Archived Voice Articles

Faculty Profile: De Mol ends sixth year as faculty chair

Karen De Mol

Karen De Mol

Dr. Karen De Mol, whose office is tucked away in the lower level of the music building, says she’s thoroughly enjoyed the opportunities she’s had to “rub shoulders” with historians, chemists, social workers, and more during the six years she’s been chair of the faculty assembly. It’s certainly not that she doesn’t enjoy her colleagues in the music department. In fact she says, “There we all are together, busy with music all day—and most evenings too. What could be better?” Yet the regular contact she’s had with colleagues who are passionately committed to their work has given new meaning to being part of an academic community. She says it has heightened her respect for her colleagues and for their insights and their commitment to the mission of the college.

When De Mol began her term as chair of the faculty assembly, her responsibilities seemed fairly limited: prepare the agenda for faculty meetings—in consultation with Secretary Duane Bajema and Vice President for Academic Affairs Rockne McCarthy—and lead faculty meetings. She was done, until the next meeting.

Almost. As chair of the faculty assembly she also plans the periodic faculty forums—evenings when professors share ideas, deliberate, and debate—and encourage each other.

But in the last couple of years other expectations have been added to the role. The faculty chair and secretary are increasingly being used as representatives of the faculty to meet with and serve on a variety of committees and ad hoc groups on campus. This year, they also began meeting regularly with the Academic Council.

“We’re another set of ears and eyes, looking for opportunities to enhance communication among different parts of the college community,” De Mol says, adding that she and Bajema work very much as a team.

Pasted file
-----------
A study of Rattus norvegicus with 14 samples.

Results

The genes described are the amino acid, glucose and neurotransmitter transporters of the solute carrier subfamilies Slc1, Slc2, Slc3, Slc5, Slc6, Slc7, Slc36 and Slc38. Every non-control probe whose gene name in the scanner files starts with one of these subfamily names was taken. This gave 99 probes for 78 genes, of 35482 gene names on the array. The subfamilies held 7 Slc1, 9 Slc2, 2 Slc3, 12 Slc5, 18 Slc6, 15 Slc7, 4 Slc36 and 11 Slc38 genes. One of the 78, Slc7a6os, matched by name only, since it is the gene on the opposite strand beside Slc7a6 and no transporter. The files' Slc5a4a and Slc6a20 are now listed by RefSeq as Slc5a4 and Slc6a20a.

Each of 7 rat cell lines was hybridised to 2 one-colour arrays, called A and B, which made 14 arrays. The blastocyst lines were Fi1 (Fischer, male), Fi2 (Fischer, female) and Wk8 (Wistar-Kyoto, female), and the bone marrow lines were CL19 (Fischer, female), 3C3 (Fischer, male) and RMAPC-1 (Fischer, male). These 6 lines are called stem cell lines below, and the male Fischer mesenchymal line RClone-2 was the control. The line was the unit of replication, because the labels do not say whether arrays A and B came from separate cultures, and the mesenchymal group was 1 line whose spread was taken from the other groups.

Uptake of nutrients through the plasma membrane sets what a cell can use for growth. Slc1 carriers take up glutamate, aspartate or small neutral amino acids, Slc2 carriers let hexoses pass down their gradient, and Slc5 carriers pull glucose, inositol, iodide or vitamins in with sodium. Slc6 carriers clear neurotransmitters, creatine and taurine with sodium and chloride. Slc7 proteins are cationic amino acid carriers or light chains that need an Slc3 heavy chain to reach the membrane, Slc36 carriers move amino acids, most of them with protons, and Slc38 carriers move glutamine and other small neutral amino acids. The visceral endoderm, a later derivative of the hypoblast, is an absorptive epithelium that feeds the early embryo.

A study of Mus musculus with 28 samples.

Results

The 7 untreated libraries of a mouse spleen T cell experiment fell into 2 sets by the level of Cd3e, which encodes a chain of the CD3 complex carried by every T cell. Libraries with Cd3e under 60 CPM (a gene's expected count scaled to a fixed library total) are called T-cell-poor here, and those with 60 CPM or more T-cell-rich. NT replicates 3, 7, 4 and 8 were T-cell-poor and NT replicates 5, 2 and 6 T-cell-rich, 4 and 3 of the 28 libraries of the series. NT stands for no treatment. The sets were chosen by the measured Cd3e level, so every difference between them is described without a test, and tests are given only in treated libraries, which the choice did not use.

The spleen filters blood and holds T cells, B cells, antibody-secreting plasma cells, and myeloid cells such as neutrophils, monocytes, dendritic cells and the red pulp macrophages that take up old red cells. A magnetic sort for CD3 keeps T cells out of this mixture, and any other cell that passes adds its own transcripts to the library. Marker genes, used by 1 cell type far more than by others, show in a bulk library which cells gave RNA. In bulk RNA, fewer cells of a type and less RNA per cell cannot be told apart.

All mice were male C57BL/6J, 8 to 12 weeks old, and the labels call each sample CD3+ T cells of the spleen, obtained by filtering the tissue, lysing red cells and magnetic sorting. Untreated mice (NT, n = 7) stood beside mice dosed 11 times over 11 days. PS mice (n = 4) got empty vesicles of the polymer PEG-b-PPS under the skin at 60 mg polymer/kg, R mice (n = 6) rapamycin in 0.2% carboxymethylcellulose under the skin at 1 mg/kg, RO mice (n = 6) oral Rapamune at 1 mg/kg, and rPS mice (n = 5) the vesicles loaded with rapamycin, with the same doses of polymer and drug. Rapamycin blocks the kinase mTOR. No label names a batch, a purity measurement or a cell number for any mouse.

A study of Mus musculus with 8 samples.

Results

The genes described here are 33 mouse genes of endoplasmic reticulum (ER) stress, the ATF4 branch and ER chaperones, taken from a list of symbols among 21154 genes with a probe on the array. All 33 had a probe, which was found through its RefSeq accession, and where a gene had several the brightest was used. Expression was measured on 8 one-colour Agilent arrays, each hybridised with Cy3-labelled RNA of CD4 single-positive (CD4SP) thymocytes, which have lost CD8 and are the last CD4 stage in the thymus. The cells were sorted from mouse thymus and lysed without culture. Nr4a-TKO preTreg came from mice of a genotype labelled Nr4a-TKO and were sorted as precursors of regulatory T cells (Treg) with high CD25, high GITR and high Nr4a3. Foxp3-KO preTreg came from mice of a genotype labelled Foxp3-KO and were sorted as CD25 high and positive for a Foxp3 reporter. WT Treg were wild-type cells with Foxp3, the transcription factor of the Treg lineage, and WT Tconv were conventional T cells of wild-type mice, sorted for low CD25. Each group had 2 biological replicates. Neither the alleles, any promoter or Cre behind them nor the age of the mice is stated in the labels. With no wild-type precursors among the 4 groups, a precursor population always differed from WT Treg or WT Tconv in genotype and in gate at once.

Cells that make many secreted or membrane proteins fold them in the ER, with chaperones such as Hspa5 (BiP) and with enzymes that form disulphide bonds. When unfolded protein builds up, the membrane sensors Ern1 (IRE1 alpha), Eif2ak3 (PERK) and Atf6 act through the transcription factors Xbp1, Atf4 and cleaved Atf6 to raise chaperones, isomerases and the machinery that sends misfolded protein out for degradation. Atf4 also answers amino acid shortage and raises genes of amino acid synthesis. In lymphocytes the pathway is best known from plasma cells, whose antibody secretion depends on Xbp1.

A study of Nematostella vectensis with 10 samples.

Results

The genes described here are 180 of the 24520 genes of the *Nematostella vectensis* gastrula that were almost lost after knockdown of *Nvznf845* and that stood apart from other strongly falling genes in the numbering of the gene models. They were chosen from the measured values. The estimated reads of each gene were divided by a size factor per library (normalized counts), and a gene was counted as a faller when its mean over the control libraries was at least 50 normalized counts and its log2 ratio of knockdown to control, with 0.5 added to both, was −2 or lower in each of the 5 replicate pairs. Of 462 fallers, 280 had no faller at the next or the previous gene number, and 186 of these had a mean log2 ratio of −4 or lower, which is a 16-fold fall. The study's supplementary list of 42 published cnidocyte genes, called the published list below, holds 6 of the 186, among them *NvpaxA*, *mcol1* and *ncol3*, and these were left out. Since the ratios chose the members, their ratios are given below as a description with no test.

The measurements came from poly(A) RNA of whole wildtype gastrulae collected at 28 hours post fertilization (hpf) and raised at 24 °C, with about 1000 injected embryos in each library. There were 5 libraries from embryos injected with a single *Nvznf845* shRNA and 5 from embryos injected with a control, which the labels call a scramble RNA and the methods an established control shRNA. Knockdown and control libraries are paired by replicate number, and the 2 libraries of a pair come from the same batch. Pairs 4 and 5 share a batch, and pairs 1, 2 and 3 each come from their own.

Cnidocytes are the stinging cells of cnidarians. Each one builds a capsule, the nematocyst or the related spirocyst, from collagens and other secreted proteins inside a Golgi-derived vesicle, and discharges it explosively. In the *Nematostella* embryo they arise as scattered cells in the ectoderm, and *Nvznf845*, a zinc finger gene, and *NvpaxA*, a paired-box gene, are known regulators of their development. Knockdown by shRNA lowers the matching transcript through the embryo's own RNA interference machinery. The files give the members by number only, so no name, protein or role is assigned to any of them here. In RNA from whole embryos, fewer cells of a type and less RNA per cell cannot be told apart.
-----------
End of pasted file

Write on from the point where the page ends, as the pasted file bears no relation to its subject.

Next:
“We don’t claim to be able always to speak for the whole faculty; we speak as ourselves on behalf of the faculty, bringing a faculty voice and perspective to various discussions.”

One of De Mol’s main goals is to encourage better communication—between herself and faculty members, between individual faculty members, and between faculty and administrators. She’s learned that because she lives across campus from most of the faculty, it’s best to visit them in person when she needs to talk about a matter.

“It makes a huge difference,” she says, “because in person you are able to deal with others better as people and to learn the context, both professional and family, in which they live and work—to know my colleagues as whole people rather than simply as bearers of issues.”

As a result of such face-to-face conversations, her job of leading faculty meetings is also easier. “I get to know personalities. I get to know that the person who speaks firmly or intensely in faculty assembly usually speaks firmly or intensely in other contexts, and the person who speaks quietly or hesitantly usually speaks quietly or hesitantly in other settings.” It takes some of the guesswork out of dealing with group dynamics in meetings. Having personal relationships with her colleagues also gives her a better basis for conversations that have the potential for conflict, she believes.

Despite the fact that her position could take up much more of her time, DeMol’s role as faculty chair is only a small part of her work. She is an avid and committed teacher. And she loves her work.

She counts it a privilege to work with people who share her Christian faith and reformational approach to life as they prepare students for the rest of their lives. “I love working with people who believe in the purpose of this institution,” she says. “It’s not just a job for us.”

She’s learned things too.

“Teaching and learning is a very cooperative process,” she says. “Unless you are sensitive to whether and how students are learning, you aren’t really teaching.” She says she’s learned over and over again the amazing fact that each student is a unique person, with unique gifts, and gifts that grow. She tries to apply that knowledge to her interaction with faculty colleagues too.

At the end of the day—following classes, meetings, and conversations—she bids goodbye to her last student but hangs on to her clarinet. Playing—practicing—has always been both a challenge and a joy. It’s physical, it’s expressive, and for her it’s the perfect end to busy days filled with challenges, hard work, and a job done as well as she could do it.